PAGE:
I don’t even remember the last time we got lost. I think it was in California. We took a wrong turn once in the Rockies but went less than a half mile out of our way and turned around to take the correct turn. Does that count? In Cali, we were supposed to meet another rider who was going to escort us over some private property. He had to come find us because we didn’t know what trail we were on. Thank goodness we  had cell reception there.

Not here! No reception. No idea where we were. We knew the vicinity- but that doesn’t help when you need to choose which way to go. And you know that GPS SPOT unit tracker I wear on my belt? That’s for YOU! It doesn’t tell US where we are! It’s just an orange weight with a flashing green light to us! :) And no, we don’t carry a GPS. We tried that. They eat through more batteries than we are willing to carry. Too much weight. A map is good enough.

Well, it has been anyhow.

So we’d been having a jolly day riding down more remote and unmarked roads…. that ARE on our map! (Envision the Smurf song in your head)…  la la la la la la la la la la la! :) And slowly, ever so slowly, a feeling that something was amiss was creeping into our very being.

Out came the compass. Northeast. Great- half the roads in this area go that way- including the one we were looking for. Keep riding.

We came across a little one room white school house with a plaque that explained its historical significance to the local residents. (What local residents?) We hadn’t even seen any abandoned homes in many, many miles. Sadly, that school house was not marked on the map like so many other off-the-beaten-path things are. No clue there- except a phone number for more information- which did us a lot of good with no cell reception!

Keep riding. Road turns west… whoa whoa whoa…. this is all wrong. Turn around!

We took the next road east.

It dead ended at a river. A river!? Where’d that come from?! ….looking at map….. well…. that narrows it down to a few roads- but still not sure.

Then- there was human life! Two people, a father and son, in a canoe fishing on the river- RIGHT AT THE PERFECT MOMEMT WHERE WE NEEDED HELP! Hallelujah! Another “God moment!” How DOES he plan all these details just so?!?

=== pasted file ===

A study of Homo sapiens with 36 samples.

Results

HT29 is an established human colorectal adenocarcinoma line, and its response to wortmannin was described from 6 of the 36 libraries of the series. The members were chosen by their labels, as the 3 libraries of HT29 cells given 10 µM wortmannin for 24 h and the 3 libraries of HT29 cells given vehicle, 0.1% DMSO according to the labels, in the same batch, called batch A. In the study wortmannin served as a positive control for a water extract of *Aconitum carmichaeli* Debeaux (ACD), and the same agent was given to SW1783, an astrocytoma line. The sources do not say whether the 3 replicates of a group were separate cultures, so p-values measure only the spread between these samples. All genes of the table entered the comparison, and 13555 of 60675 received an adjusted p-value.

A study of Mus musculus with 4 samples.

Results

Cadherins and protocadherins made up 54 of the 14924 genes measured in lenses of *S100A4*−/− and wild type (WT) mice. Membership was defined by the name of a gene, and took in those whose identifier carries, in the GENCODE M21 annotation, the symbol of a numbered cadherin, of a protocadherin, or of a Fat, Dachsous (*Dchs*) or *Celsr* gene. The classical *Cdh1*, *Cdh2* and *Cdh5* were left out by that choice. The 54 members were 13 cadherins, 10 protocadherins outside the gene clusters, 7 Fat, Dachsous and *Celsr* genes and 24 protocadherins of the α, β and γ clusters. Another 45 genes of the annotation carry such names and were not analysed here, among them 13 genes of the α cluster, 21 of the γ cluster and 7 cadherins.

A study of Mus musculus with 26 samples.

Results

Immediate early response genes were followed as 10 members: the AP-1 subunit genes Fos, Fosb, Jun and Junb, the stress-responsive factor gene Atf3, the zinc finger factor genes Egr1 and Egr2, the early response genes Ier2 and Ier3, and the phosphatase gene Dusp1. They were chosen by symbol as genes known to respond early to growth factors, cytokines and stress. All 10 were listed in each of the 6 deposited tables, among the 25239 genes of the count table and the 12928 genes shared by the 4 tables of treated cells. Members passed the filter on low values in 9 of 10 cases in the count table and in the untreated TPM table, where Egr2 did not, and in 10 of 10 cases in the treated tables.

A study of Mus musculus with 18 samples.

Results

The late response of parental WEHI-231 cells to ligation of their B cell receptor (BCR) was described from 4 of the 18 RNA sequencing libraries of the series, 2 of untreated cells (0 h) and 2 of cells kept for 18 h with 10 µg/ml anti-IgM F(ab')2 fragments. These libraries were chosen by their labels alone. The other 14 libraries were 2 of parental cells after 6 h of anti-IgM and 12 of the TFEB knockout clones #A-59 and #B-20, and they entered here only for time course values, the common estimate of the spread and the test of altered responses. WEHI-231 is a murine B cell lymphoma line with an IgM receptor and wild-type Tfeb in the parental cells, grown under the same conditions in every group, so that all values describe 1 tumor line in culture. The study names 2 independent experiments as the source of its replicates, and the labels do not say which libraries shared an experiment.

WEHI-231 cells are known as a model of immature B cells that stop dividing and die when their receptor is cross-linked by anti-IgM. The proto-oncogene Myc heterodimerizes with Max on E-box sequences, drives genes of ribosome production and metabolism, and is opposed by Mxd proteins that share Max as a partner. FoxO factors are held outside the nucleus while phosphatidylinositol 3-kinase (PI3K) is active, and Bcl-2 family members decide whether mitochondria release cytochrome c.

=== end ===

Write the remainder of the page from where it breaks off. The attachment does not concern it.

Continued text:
“Hi there! Can you help us figure out where we are?”
“Ha ha ha.”
“No really! We’re lost!”
“We’re not from around here.”
“Neither are we… we’re riding our horses across America.”
“What.. are you serious?!”
“Yeah. Hey- what’s that old stone structure over there?”
“Oh that? That’s Welch Spring. It used to be a place where asthma patients came to breath the damp air in the cave. That creek there that flows into the river is the spring- it doubles the river in size!”
“WHAT?! Welch spring?! Oh boy- we’re a few miles off course! We need to get to Akers Ferry.”
“Well- if you cross the river- there’s a road right up there that will take you right to it.”

….. scanning the river intently….. it’s deep and flowing fast from spring…. not liking the prospect of washing the horses away…..

“Ummmm, it’s too deep!”
“Well, take that road back south and try to find a low spot in the river down that way.”

Great…. miles out of our way! We profusely thanked the fishers for steering us in the right direction and they canoed over and took a business card before we parted.

We did take a short ride up the river on a sandy trail to see if there was any hope of crossing it- not anywhere close. It was all cliffy and too deep. So we went back the way we had come, watching the clock closely to estimate miles. We came across another road/trail/four wheeler track type thing that went east about the right time frame so we took it. It turned out to be our missed ‘road’ that was on the map. You couldn’t take a car on this thing if your life depended on it!

It dead ended at the river too! But the map showed it continuing along the river a ways before turning to cross the ferry! Not anymore apparently.

The river showed potential for safe crossing so we decided to test it. We sent out the scout (me and Apache again) to test the waters. It was deep but safe so I turned back to put the harness on Bella so she wouldn’t get washed downstream as she swam across, then forged back with Richard and the pack horses. Bella was a little nervous, but was a very brave dog and swam across- but she was quite a weight in the water! She was already soaking wet so we didn’t want her in our lap in the saddle… if there’ s a next time, she’ll just go on the saddle wet or not. The horses, having done this a time or two in their lives, were fine- but the water was high enough that it just barely got the bottom of the packs wet!

We popped out of this ‘road’ at Akers Ferry and had a good chat with the Forest rangers there. It turns out- the ferry was out of commission right now anyhow- we’d have been forging the river one way or another!

We left the rangers with directions for a ‘short cut’ in our heads…. more on that tomorrow… and headed for Devil’s Well. We were concerned about the lack of forage in the forest for our horses, but we found a somewhat grassy-but private- area on the road to Devil’s Well. We were thankful when the family offered to let us camp on it for the night. It was full of prickers- something we have not had to live with since moving out west (I don’t miss them!)- but nonetheless, it was enough grass to feed the horses and a nice safe place to camp.

One comment

  1. This and yesterday’s posting certainly explain your odd GPS track on a few days! There were a few days I wondered what on earth is going on? Now we know.

    I suppose this means you understand far better than most of us how important planning a route was in the Old Days!